Natural gas for delivery Wednesday slumped as a weak power environment offered little incentive to make incremental purchases and the about-to-expire May futures contract eased as traders anticipated a closer convergence to the physical Henry Hub quote as well as the expected release of storage data showing an increasing storage surplus.

Only a few scattered points in the Marcellus and elsewhere made it into positive territory, and the NGI National Spot Gas Average shed 4 cents to $1.81. May futures gave up 3.1 cents ahead of Wednesday's expiration to $2.032 but still managed to hold the psychologically important $2 threshold. June retreated 2.8 cents to $2.159. June crude oil added $1.40 to $44.04/bbl.

Next-day power from New England to Indiana eased and made it difficult to justify purchases for power generation. Intercontinental Exchange reported on-peak power at ISO New England's Massachusetts Hub fell 6 cents to $32.20/MWh but deliveries to the PJM West terminal skidded $8.09 to $29.07/MWh. Next-day power at the Indiana Hub shed $1.34 to $33.41/MWh.

Packages priced on Texas Eastern M-3, Delivery fell 3 cents to $1.42, and gas bound for New York City on Transco Zone 6 was quoted 7 cents lower at $1.43.

Gas on Alliance and at the Chicago Citygate changed hands 4 cents lower at $1.92, and deliveries to Consumers fell a nickel to $2.05. Gas on Michigan Consolidated skidded 4 cents to $2.02, and gas at Joliet lost 3 cents to $1.92.

Gas headed west on the REX Zone 3 Expansion closed the gap somewhat on Midwest delivery points. Prices in the Marcellus rose relative to downstream destinations.

Gas on Dominion South rose a penny to $1.38, but packages priced at Tennessee Zn 4 Marcellus rose 7 cents to $1.39. Gas on Transco Leidy gained 4 cents to $1.39.

At Illinois and Indiana delivery points prices eased. Gas at Moultrie County, IL, at the interconnect with NGPL shed 4 cents to $1.83, and gas at the Edgar County, IL, delivery point with Midwestern Pipeline fell 3 cents to $1.86. Gas destined for Panhandle Eastern in Putnam County, IN, came in 3 cents lower at $1.85.

From New England to Wisconsin the week's heating load is forecast to be below normal. The National Weather Service predicted for the week ending April 30 that New England would see 119 heating degree days (HDD), or 12 above normal, and the Mid-Atlantic would endure 92 HDDs, or four above its seasonal norm. The Midwest, however, from Ohio to Wisconsin was expected to see just 67 HDD, or 24 below its normal seasonal tally.

Futures traders are optimistic prices have some room left to move higher. "A close above $2.01 is a decent close," said a New York floor trader. "Now that traders have tapped that number [$2.08], there is a good chance traders will try to move it a bit. The possibility is there for them to take it out and move the market up to $2.21 as people clear out of positions."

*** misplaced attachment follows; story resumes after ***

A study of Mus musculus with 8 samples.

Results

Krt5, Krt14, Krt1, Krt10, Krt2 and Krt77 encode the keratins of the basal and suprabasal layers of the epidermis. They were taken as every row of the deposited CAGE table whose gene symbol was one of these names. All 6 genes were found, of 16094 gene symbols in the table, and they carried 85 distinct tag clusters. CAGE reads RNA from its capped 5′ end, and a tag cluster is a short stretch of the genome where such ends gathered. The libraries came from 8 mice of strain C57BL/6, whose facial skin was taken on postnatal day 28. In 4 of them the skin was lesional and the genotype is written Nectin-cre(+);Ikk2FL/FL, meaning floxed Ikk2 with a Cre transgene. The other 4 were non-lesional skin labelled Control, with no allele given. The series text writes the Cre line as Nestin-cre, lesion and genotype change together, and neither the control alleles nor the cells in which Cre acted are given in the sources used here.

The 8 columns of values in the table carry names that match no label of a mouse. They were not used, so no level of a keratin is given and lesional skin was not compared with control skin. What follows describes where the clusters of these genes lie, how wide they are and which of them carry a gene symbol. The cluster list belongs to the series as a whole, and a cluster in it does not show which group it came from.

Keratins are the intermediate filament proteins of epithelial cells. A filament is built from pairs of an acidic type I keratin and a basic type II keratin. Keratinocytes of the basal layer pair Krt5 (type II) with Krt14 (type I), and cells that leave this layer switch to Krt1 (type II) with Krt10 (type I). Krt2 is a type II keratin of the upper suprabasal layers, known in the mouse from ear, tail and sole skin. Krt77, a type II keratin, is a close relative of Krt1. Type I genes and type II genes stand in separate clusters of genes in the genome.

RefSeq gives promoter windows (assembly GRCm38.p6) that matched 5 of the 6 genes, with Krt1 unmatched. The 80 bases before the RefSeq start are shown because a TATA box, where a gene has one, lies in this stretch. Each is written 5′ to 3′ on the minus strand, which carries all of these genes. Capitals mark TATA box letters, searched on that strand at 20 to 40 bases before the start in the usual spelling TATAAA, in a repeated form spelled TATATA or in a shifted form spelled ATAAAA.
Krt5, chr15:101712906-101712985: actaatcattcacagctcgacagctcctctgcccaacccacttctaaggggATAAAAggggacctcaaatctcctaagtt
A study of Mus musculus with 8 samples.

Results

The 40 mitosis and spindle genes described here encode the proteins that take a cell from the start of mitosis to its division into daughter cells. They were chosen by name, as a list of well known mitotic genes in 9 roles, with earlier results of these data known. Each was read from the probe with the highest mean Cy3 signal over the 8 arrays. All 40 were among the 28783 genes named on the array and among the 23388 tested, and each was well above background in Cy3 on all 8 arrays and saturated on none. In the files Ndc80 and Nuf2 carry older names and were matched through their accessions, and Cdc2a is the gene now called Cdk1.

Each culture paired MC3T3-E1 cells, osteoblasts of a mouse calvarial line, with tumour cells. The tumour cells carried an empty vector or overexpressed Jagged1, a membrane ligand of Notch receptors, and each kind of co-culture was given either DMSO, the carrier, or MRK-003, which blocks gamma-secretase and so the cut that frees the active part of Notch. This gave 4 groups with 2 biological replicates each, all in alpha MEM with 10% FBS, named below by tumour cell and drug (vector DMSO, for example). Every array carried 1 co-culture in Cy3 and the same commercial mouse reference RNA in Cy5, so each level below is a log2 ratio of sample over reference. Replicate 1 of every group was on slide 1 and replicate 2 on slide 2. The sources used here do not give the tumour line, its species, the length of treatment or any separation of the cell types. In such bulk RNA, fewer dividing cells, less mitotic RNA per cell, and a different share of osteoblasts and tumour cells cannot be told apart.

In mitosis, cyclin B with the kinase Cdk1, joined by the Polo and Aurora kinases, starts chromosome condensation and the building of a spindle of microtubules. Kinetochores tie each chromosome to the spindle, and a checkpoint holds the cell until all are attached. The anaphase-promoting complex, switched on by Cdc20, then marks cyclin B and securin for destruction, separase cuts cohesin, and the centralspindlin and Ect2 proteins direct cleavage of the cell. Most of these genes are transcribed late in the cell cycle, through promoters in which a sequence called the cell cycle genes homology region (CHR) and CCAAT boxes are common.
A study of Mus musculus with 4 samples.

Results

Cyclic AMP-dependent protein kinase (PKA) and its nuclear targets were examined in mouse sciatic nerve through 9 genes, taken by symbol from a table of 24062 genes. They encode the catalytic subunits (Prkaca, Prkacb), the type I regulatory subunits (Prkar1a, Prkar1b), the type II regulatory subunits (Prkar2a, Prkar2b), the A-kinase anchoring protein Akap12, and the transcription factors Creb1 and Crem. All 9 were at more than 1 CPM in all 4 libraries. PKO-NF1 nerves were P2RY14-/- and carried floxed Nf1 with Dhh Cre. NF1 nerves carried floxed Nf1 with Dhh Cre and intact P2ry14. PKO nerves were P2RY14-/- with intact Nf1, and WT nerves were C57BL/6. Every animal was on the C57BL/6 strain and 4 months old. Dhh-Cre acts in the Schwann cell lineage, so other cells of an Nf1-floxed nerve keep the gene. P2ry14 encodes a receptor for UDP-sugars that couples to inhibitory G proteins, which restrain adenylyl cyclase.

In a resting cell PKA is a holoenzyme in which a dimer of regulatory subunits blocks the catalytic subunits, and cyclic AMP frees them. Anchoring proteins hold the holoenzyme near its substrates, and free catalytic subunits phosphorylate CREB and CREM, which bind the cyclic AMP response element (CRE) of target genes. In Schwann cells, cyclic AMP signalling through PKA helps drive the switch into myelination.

Market technicians are taking a close look at the pending expiration of the May contract on Wednesday and where the June contract is likely to trade. "While natgas took a hit, the June contract managed to hold above Monday's high in flat price," said Brian LaRose, a market analyst with United ICAP.

"Now with the May contract approaching expiration, we will be very interested in where June rolls into the spot position. To suggest the $2.176 high [Monday] represented a top of some kind June would need to crack $1.937. Bulls still have a shot at the $2.335-2.400 vicinity later this month otherwise."

Fundamental analysts are taking a more bearish stance. "[Monday's] 13-cent selloff after posting 10-week highs at the start of the week is suggesting some buying exhaustion as well as the likelihood that production slippage and some cooler temperature trends have been largely baked in," said Jim Ritterbusch of Ritterbusch and Associates in closing comments to clients on Monday. "Additionally, the market is expected to see a return to above normal storage injections with the issuance of this Thursday's EIA report. We are looking for a figure at around the mid 60 Bcf area that would easily exceed the five-year average build of about 52 Bcf.

"This renewed expansion in the supply surplus against normal levels could help to contain this strong price up spike that was kicked off last Tuesday from below the $1.90 mark. And while we will concede to some slowing in production that is finally beginning to spin off of the plunge in the rig counts, this output slippage could still be largely offset by an uptick in imports given Canadian supply availability. All in all, we are maintaining a short-term bearish stance for now as we continue to highlight a recent dramatic weakening in the front switch ahead of Wednesday's May contract expiration."

Weather forecasters are seeing a transition from less heating load to the beginnings of cooling demand. WSI Corp. in its Tuesday morning report said, "The latest six-10 day period forecast is for above average period anomalies across the West into the northern tier, as well as the Southeast. Below average period anomalies are forecast across the greater south-central U.S. and Northeast.

"Today's forecast is generally warmer than yesterday's forecast, except across the southern tier. As a result, CONUS GWHDDs are now down 5.1 to 29.3 for the period. PWCDDs are up 1 to 11.2."